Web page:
Author: Michael Andrews
Published: Mar 8 2012
Is your spouse or partner no longer interested in having sex with you? Perhaps they are occasionally, but it's nowhere near enough for you? You're not alone. A mismatched libido is one of the most common areas of stress in relationships and marriages and it is something that causes a great deal of anguish for both parties.
The statistics on low libido in relationships are almost frightening. Surveys have shown that up to forty percent of men and fifty percent of women suffer from low sexual desire. 'Sexless marriages' (defined as being where the couple have sex fewer than ten times a year) comprise up to a third of all marriages. And with divorce rates running at more than sixty percent of all first marriages (higher for second and third marriages), and sexual problems being a major factor in many of those breakups, you might be forgiven for thinking, "Do many people have a happy sexual relationship?".
The answer to that question, based on the statistics, is "probably not". However, there is good news. Firstly, if you don't have the sex in your relationship that you really want then you are certainly not alone. But the better news is: it's not only possible, but very achievable, to create a sexual relationship full of passion and excitement and which only gets better with time. You just need to know what to do.
There are some couples out there who have remarkably happy sex lives, even after having been together for years. They still seem crazy about each other. Is it just luck or are they doing something different to the rest of us? The truth is that couples with great sex lives that don't go stale do indeed do different things to the rest of us, and that's why they get different results. By doing what they do, it's very possible to recreate the same results in your own marriage or relationship.
What are the causes of low libido in a relationship? Many couples experience a situation where things were great early on in their relationship or marriage. There was lots of sex, passion and excitement. However, as the relationship matures the passion seems to wane and different levels of desire seem to emerge. It can gradually get to the stage where sex become virtually non-existent, leaving at least one of the partners very unhappy. From there it's only a step to affairs, guilt and divorce, all with heartbreak attached. This certainly isn't what either person intended.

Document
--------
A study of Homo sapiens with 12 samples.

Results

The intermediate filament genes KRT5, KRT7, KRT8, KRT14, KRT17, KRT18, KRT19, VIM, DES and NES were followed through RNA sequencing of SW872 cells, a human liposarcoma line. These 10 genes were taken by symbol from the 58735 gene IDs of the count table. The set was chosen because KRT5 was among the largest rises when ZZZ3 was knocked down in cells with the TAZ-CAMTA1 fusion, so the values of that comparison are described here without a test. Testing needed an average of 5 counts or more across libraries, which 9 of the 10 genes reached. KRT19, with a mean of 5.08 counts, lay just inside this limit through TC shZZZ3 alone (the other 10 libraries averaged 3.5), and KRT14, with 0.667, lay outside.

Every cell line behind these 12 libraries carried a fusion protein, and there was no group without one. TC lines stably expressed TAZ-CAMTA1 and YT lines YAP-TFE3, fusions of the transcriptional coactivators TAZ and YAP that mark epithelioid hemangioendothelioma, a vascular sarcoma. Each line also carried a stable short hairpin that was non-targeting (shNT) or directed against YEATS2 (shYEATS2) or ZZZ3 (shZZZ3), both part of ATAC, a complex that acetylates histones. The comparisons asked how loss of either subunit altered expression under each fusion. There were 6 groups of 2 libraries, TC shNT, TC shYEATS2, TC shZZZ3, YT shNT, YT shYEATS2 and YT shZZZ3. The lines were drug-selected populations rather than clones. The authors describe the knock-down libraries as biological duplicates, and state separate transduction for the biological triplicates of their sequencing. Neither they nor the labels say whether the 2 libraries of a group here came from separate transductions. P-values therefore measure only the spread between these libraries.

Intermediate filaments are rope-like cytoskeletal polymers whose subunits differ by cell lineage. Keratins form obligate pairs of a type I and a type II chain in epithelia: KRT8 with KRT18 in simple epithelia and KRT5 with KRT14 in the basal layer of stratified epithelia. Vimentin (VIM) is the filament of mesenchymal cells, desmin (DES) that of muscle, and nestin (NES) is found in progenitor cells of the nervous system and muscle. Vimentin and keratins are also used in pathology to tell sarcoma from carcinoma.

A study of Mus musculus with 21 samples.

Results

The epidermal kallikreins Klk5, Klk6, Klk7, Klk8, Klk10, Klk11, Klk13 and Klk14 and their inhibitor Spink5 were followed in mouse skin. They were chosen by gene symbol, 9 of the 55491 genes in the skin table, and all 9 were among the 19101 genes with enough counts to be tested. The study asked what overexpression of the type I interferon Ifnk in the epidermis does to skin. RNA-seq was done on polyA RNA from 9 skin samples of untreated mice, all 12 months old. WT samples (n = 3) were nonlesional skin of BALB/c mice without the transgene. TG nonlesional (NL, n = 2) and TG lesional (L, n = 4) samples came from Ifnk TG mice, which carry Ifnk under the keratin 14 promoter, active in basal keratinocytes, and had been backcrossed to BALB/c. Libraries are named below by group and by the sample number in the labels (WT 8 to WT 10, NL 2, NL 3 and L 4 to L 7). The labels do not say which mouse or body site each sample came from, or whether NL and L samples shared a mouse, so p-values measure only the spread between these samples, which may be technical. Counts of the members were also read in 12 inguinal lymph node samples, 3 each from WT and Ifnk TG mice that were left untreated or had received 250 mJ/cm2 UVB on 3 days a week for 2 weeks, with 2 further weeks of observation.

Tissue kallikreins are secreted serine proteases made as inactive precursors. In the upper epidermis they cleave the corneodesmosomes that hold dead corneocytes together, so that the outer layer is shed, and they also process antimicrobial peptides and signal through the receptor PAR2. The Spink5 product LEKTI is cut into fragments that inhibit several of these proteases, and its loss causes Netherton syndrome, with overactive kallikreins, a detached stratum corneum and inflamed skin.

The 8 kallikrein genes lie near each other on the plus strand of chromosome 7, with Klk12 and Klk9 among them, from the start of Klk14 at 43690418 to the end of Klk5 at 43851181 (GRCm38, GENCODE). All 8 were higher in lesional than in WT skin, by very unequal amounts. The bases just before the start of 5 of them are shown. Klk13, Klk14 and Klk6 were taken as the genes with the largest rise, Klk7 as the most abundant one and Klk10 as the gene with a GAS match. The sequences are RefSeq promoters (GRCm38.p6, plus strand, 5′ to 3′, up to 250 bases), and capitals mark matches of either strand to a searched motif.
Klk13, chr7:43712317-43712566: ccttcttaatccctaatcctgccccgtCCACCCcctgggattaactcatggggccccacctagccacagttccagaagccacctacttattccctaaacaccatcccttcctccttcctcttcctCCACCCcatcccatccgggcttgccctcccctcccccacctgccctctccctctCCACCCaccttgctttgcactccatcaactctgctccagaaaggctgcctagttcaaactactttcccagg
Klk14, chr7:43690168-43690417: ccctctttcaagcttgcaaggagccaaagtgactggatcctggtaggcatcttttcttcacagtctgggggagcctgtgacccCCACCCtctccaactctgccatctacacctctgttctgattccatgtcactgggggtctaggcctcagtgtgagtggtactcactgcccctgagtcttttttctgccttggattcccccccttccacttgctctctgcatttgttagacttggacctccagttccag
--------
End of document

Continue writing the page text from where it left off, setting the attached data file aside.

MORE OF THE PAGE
So what went wrong? Most people look for reasons and the most common given are the stresses caused by the onset of children, other pressures such as finance and career, lack of time, and even changes in hormones. But the truth is that there are couples who deal with all the same sorts of issues but who manage to keep the passion alive. Why is that? It's because all of these 'reasons' are generally symptoms rather than the true cause of an unsatisfying sexual relationship. And if you are going to solve the problem you need to deal with the underlying causes. It is very much like repairing a cracked wall in a house; you can "paper over the cracks" or deal with the rotting foundations before the house falls down!
If your partner is no longer interested in sex, or you are not getting the sex you need to satisfy you, the first thing to do is to make sure you don't blame yourself or your partner. It is not the fault of either of you. Accept it as an issue that can and must be solved and then go about seeking a solution.
Also, don't merely resign yourself to accepting the situation. A highly active sex life is the normal, healthy state for all adults. If you are not getting what you want and need you will never be happy and happiness is what life is all about!
The key to getting your partner interested in sex again is to look back to the early days of your relationship. Generally those times are sexually fun and exciting. However, what happens over time is that we stop doing the things that we did then that made it fun and exciting - and so of course things wane.
Ask yourself these questions:
- What did my partner and I used to do for each other that made us both feel loved and appreciated?
- How much of a priority was our relationship and spending time together then?
- How much laughter, sharing and consideration was there then?
- How much attention did I give my partner then?
By answering these questions you will begin to identify the things you used to do - and that you no longer do - that made you and your partner feel special and attractive for one another. It may sound simple, but all you need to do to begin rebuilding the sexual passion in your relationship is to start doing those things that created it in the first place!
Think about what you could do and start doing it. Don't begin with a sexual outcome in mind but just concentrate on making your relationship the most important thing in your life again. You might just be thrilled with the results!